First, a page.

NYSNYS News
NYSNYS NEWS: Cuomo says little on Encon, federal regulators report that General Electric PCB contamination has polluted ground water in Saratoga and Washington counties.

By Kyle Hughes
NYSNYS News


COLONIE, N.Y. (September 3) – Gov. Andrew Cuomo had little to say Thursday after the state Department of Environmental Conservation and federal regulators reported PCBs dumped by General Electric have poisoned ground water supplies in Stillwater, Hudson Falls and Fort Edward.

"I've not seen or heard about that report," Cuomo said after a speech to a convention of NYPD union leaders, when asked if the report would affect his efforts to provide tax breaks to convince GE to move its corporate headquarters to New York from Connecticut.

"I haven't – I know that they have, or they are completing what they agreed to complete," he said when asked if GE should continue to dredge to remove PCBs contamination in the state Canal system and elsewhere. "I know there are claims for them to do more above and beyond that. I haven't really looked into them."

Asked if General Electric should continue to disassemble a plant built to process the mud and soils contaminated by the toxic waste, Cuomo said GE "should follow the law and the agreements that have been made." An aide then cut off questioning and the governor left.

Mark Behan, a spokesman for General Electric, said "GE long ago addressed these issues in full cooperation with local communities, New York State and the U.S. Environmental Protection Agency. Effective environmental solutions are already in place and working at these sites and protecting public health and the environment. GE has met all of its commitments to New York State and the EPA and will continue to do so."

Thursday, the report by the Hudson River Trustees – Cuomo's DEC and the federal NOAA and Department of the Interior agencies – said the GE pollution has caused substantial damage to groundwater in addition to the Hudson River pollution that has been the object of a massive cleanup for years.

General Electric "released hazardous substances, including polychlorinated biphenyls (PCBs) and volatile organic compounds (VOCs), to the soil, surface water, and groundwater at their Fort Edward and Hudson Falls manufacturing facilities," the trustees reported Thursday. "These hazardous substances have caused repeated and prolonged exceedances of New York State groundwater standards in Hudson Falls, Fort Edward, and Stillwater, New York."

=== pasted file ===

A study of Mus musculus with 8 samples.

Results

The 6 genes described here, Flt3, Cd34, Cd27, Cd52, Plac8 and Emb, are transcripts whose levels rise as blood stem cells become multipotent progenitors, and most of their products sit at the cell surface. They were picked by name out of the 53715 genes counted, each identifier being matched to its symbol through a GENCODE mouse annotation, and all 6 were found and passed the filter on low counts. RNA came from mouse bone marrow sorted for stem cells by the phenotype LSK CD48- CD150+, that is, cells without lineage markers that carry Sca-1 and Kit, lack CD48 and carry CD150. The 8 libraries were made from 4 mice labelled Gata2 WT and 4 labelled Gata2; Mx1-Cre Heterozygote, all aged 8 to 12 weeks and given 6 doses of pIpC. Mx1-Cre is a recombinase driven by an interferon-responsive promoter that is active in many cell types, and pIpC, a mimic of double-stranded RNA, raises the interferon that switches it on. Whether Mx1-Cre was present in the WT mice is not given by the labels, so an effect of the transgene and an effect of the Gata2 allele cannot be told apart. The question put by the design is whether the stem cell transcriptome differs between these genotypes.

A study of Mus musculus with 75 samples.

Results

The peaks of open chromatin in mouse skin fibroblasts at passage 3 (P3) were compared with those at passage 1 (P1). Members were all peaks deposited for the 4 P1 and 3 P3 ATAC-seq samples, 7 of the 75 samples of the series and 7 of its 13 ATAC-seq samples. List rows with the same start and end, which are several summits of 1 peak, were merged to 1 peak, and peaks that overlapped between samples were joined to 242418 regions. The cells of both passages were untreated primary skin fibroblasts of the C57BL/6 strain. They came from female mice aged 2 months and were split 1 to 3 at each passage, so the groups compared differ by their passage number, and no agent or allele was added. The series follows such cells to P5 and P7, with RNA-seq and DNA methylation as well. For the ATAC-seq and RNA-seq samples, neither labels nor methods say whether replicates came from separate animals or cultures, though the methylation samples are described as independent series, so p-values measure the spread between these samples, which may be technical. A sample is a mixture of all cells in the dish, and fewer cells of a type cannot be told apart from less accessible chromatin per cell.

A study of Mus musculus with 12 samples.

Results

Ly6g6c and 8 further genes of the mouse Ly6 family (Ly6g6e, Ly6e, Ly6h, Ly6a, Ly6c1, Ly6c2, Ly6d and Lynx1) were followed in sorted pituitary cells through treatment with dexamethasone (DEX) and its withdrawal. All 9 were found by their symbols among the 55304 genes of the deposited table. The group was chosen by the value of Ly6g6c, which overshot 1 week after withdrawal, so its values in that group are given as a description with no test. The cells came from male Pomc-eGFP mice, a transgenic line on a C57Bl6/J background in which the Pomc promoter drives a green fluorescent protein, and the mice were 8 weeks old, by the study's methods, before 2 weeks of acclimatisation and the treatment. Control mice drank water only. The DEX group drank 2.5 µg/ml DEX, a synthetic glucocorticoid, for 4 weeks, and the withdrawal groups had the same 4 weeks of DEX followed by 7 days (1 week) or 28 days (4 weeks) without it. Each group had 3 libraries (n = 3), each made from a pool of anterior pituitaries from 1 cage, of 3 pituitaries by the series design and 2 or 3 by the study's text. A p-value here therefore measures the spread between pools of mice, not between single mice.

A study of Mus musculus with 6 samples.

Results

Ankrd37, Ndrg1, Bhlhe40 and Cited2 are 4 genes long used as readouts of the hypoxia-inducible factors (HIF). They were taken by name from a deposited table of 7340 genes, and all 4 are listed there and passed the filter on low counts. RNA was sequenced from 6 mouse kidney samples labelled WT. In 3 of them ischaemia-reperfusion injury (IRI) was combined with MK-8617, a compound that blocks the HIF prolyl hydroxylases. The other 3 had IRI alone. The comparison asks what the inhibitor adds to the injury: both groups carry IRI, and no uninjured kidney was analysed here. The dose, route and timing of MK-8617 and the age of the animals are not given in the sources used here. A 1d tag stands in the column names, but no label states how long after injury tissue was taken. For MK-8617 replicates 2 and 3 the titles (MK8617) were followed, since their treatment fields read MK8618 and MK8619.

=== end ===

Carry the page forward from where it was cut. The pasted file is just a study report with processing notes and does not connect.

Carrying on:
"In Fort Edward and Hudson Falls, PCBs and VOCs reached the groundwater from
decades of spills and leaks in the delivery, use, transfer, and storage processes at
GE’s facilities. Concentrations of these hazardous substances in Ft. Edward and
Hudson Falls, as measured in sampling wells, have been thousands of times higher
than New York’s groundwater standards."

"In Stillwater, contamination occurred because the well field is less than 500 feet
from the Hudson River and they hydraulically connect," the trustees said. "Historically, river water contaminated with PCBs flowed through this well field and PCBs bound to the aquifer soils. The PCB-contaminated aquifer soils currently contribute the majority
of PCBs to groundwater in the well field."

The trustees said the three state and federal agencies "which act on the public’s behalf as trustees of the Hudson River’s natural resources, are conducting a 'natural resource damages assessment' to determine how GE’s releases of PCBs and VOCs have injured the Hudson’s natural resources. The Trustees will evaluate how to restore resources (such as groundwater) and the services they provide, by, for example, seeking to protect the areas that naturally filter groundwater, or making improvements to drinking water infrastructure."

General Electric dumped more than 1 million pounds of PCBs into the river before stopping in the 1970s. The chemical used in manufacturing capacitors is toxic and concentrates in the environment and the bodies of fish, animals and humans who are exposed to the pollution.

"PCBs have been shown to cause cancer in animals," the U.S. Environmental Protection Agency says on its PCB webpage. "PCBs have also been shown to cause a number of serious non-cancer health effects in animals, including effects on the immune system, reproductive system, nervous system, endocrine system and other health effects."